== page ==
It has been my pleasure to serve as Guest Editor for this issue of Pediatric Annals in which we discuss some of what I consider to be the most interesting and challenging issues related to fever in children. Fever has long captivated the human imagination, from Hippocrates’ lifelong search for its cause, to the lyrics of popular music (“You Give Me Fever”), to the language of love.
However, there are probably few things that distress parents as much as a fever in their child. It is not surprising, therefore, that fever accounts for one of the most common reasons for a visit to the health care provider.
In this issue of Pediatric Annals, we present five articles on the following topics: fever without a localizing source in toddlers; fever of unknown origin; fever related to animal contact; fever in the returning international traveler; and periodic fever syndromes.
In “Fever without a Localizing Source” (see page 21), Dr. Trainor and I present current data regarding the incidence of occult bacteremia. We propose an approach to the febrile toddler, based on the fact that illnesses secondary to Haemophilus influenzae type b have basically been eradicated and the incidence of invasive pneumococcal disease has decreased tremendously since the widespread use of the pneumococcal conjugate vaccine. This article also discusses the issue of “fever phobia,” as well as the overuse of antipyretics.
Fever of unknown origin (FUO) continues to be extremely anxiety-provoking for parents and health care providers. In “Fever of Unknown Origin in Children” (see page 26), Drs. Seashore and Lohr discuss how to approach the child with FUO. They emphasize the importance of conducting a good history and physical examination, even in this modern era in which sophisticated technology has supplanted these items in making a diagnosis.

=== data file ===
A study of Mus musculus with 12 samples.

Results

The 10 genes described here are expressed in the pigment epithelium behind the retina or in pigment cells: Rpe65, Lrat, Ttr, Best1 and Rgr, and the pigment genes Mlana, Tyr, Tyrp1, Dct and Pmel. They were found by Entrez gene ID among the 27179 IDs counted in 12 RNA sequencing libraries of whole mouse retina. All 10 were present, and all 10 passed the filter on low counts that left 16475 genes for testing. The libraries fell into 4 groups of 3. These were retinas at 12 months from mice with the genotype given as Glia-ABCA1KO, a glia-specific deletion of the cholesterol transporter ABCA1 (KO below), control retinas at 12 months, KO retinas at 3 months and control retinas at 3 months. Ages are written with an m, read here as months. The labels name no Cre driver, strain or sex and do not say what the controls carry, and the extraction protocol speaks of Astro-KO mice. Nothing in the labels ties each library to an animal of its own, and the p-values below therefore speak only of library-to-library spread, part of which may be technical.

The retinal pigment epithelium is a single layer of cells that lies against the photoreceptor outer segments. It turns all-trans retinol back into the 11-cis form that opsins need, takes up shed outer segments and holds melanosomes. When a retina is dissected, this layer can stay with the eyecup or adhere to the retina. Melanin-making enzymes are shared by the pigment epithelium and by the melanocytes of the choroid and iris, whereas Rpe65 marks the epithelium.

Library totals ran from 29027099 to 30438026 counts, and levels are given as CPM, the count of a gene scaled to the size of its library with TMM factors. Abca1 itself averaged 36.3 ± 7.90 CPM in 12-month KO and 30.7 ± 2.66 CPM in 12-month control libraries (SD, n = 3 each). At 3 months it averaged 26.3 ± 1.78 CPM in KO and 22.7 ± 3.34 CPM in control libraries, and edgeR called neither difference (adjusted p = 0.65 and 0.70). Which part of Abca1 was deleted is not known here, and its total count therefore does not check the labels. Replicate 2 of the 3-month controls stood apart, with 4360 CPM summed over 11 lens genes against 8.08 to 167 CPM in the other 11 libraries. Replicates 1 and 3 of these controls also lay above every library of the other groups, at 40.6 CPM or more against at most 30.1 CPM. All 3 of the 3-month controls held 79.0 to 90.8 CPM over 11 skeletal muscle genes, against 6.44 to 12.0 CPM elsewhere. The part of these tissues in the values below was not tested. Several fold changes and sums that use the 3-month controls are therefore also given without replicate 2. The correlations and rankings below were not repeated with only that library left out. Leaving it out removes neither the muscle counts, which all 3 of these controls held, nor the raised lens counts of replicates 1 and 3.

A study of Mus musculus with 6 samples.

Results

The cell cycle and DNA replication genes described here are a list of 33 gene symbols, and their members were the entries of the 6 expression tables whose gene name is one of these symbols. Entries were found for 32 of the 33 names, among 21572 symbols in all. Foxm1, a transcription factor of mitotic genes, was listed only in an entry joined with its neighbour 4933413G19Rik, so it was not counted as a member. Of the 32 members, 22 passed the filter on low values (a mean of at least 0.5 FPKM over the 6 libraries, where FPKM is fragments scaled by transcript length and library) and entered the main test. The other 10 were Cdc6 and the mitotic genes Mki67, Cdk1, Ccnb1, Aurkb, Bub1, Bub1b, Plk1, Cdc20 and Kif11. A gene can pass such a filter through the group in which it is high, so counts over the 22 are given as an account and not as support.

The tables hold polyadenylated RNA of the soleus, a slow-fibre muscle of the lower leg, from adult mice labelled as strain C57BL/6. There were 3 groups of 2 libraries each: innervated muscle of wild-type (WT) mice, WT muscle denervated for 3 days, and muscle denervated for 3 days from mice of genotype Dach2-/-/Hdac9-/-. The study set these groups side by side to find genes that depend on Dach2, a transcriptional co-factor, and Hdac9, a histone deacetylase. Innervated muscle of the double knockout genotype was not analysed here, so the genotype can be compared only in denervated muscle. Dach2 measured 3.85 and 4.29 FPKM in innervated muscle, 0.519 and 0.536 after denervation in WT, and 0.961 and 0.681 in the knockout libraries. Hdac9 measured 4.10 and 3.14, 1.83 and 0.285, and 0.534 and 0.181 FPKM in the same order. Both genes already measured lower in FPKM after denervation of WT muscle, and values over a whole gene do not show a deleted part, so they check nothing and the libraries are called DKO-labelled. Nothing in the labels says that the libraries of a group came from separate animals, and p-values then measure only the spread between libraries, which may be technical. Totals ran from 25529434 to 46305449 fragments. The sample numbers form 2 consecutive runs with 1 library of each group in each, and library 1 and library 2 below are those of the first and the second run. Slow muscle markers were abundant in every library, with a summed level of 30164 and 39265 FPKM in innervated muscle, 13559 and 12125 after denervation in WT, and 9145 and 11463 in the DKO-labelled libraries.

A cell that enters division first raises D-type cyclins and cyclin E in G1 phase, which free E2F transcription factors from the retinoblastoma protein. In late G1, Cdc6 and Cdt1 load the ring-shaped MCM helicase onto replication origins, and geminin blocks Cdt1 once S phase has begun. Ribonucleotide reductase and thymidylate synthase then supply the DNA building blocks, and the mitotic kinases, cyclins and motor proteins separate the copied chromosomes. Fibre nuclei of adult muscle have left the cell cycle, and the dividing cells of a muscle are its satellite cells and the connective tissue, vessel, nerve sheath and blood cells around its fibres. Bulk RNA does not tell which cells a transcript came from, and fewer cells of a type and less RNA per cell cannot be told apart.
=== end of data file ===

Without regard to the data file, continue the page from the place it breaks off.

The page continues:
Febrile illness acquired from animals is also an important topic because so many people have pets, including those that used to be considered quite exotic. Drs. Arguello and Steele have organized their article “Febrile Illnesses Acquired from Animals” (see page 31) in a unique way. The text is divided into presenting symptoms and signs, matched with the possible animal contact and illness with which those features may be associated.
International travel is more prevalent than ever. Many of our patients are going to places in the world where they are exposed to pathogens, which we may rarely see in the United States. Dr. Crowell and I, in the article “Fever in the Returning International Traveler” (see page 39), emphasize the importance of pretravel preparations and discuss the more common diseases that the international traveler may encounter.
Finally, in the article “Periodic Fever Syndromes” (see page 48), Victoria Wurster and Drs. Carlucci and Edwards summarize the more important syndromes that present with periodic fevers. During the past decade, advancement in our knowledge of these diseases and the genetic tests that have become available allow the definitive diagnosis of many of these diseases. The authors nicely review the genetics and pathophysiology of the periodic fever syndromes, as well as the typical clinical manifestations with which these syndromes present.
There is no doubt that fever in children will always cause parental anxiety. As health care providers, we must be knowledgeable of the latest developments related to fever and its likely causes, take very careful histories, and perform thorough physical examinations to provide the most accurate assessments possible. We need to know when reassurance is the best advice, but we also need to know when we should evaluate for more exotic or serious illnesses and how to perform these evaluations. I am confident that the articles that follow will aid in accomplishing those goals.